STERLING dropped to a 23-month low against the euro, with the single currency topping 92p, as fears of a no-deal Brexit continued to weigh heavily on the pound.

A Chartered Institute of Procurement and Supply survey showing an acceleration in services activity growth did little to dispel fears over UK economic weakness, with expansion of this key sector still very weak.

The euro touched a high of about 92.27p during yesterday’s session. At 5pm in London, the single currency was trading around 92.02p, up by 0.43p on its pre-weekend close.

READ MORE: Ian McConnell: Brexiters more baffling than Flat Earthers as Cabinet views hit pound

Sterling fell to $1.21 yesterday – a level it dipped below last week. It had, by5pm, managed to climb to $1.2165, up by 0.33 cents on its pre-weekend close in London but still within one cent of the 30-month lows to which it tumbled last week as financial markets digested tough talk on Brexit from new Prime Minister Boris Johnson and his Cabinet. The pound is far adrift of the near-$1.50 levels at which it traded on June 23, 2016, ahead of the European Union referendum result.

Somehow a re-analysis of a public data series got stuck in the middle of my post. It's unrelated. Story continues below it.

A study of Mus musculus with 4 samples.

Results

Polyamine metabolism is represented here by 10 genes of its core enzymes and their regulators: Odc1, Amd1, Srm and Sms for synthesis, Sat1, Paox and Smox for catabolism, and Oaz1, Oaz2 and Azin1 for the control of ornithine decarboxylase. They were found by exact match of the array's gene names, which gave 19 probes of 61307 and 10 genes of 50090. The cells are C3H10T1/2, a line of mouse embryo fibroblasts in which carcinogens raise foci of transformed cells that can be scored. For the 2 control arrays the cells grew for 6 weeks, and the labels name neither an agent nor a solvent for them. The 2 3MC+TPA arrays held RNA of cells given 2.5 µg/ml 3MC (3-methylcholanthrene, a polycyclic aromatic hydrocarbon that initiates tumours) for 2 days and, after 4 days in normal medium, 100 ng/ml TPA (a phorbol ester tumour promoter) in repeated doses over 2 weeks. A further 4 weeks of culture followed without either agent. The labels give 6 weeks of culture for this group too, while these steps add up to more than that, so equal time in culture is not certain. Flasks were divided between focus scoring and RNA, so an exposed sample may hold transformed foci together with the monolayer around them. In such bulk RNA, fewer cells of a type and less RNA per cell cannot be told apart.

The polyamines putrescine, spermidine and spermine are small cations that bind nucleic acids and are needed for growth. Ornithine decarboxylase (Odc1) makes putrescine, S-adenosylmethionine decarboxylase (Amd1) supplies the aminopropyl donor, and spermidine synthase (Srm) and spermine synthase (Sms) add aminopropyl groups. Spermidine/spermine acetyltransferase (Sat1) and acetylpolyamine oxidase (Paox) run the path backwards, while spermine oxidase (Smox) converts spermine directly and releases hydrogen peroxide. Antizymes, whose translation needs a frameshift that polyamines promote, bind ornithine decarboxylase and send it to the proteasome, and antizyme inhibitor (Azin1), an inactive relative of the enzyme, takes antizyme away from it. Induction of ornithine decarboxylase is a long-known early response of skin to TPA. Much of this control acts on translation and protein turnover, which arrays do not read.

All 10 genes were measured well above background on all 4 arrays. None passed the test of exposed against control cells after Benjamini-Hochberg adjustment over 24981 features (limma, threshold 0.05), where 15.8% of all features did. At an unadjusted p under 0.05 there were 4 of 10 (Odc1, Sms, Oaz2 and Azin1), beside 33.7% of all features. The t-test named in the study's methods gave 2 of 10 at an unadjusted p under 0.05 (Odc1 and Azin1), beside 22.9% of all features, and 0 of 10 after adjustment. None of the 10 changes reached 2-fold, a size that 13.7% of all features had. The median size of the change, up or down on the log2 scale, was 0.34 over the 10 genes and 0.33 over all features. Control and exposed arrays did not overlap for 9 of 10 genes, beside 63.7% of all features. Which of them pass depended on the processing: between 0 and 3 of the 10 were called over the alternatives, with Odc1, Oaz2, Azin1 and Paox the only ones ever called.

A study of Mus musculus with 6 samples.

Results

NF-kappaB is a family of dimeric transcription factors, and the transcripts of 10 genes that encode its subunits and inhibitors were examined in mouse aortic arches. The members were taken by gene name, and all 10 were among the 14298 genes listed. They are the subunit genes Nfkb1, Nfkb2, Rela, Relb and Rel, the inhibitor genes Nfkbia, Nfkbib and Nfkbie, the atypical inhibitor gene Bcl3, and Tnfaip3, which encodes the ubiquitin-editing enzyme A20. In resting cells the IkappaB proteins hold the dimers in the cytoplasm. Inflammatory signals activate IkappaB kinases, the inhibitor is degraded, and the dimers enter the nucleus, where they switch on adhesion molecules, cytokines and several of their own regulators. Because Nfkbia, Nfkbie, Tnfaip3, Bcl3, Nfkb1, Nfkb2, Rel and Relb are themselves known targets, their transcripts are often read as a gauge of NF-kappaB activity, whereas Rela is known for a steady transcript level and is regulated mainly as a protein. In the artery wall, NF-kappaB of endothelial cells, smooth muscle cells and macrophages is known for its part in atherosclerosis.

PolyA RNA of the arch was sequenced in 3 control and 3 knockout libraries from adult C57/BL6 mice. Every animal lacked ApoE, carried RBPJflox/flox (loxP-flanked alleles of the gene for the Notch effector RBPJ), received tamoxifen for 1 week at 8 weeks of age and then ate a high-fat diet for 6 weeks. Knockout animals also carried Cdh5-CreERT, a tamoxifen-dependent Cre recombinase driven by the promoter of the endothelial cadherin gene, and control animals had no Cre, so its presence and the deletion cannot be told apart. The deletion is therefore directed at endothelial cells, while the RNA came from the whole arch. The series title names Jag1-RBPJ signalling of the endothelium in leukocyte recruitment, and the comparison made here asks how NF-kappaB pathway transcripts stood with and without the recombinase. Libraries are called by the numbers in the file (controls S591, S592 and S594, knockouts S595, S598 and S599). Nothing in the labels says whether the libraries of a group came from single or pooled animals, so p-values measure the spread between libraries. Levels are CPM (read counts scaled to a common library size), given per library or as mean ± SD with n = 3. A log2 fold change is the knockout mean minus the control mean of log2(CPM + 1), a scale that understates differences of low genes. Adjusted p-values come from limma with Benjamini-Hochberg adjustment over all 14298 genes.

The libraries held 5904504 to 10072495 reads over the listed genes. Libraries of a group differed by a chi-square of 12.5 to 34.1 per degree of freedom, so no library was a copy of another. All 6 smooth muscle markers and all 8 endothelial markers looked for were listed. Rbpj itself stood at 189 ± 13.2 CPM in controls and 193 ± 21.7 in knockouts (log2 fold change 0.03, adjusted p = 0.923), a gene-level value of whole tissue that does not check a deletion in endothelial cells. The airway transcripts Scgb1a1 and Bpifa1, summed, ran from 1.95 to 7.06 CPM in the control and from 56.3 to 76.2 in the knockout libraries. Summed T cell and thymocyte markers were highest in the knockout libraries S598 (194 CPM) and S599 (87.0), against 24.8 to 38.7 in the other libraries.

READ MORE: Ian McConnell: Very British bravado on Brexit from Johnson fuels fears for UK future

CIPS’s services activity index rose from 50.2 to 51.4 on a seasonally adjusted basis – rising further above the level of 50 deemed to separate expansion from contraction.

However, CIPS noted the reading was “well below the trend recorded since the recovery from the global financial crisis began in the second half of 2009”. The average index reading over this period has been 54.4. The services sector survey followed reports from CIPS last week showing continued contraction in the manufacturing and construction sectors.

READ MORE: Ian McConnell: Sloppy misunderstanding of EU election could trigger big Brexit cost

Chris Williamson, chief business economist at CIPS survey compiler IHS Markit, said: “The PMI (purchasing managers’ index) surveys indicated that the UK economy stagnated in July, steadying after a contraction in June, but still signalling one of the worst performances since the height of the global financial crisis in 2009.”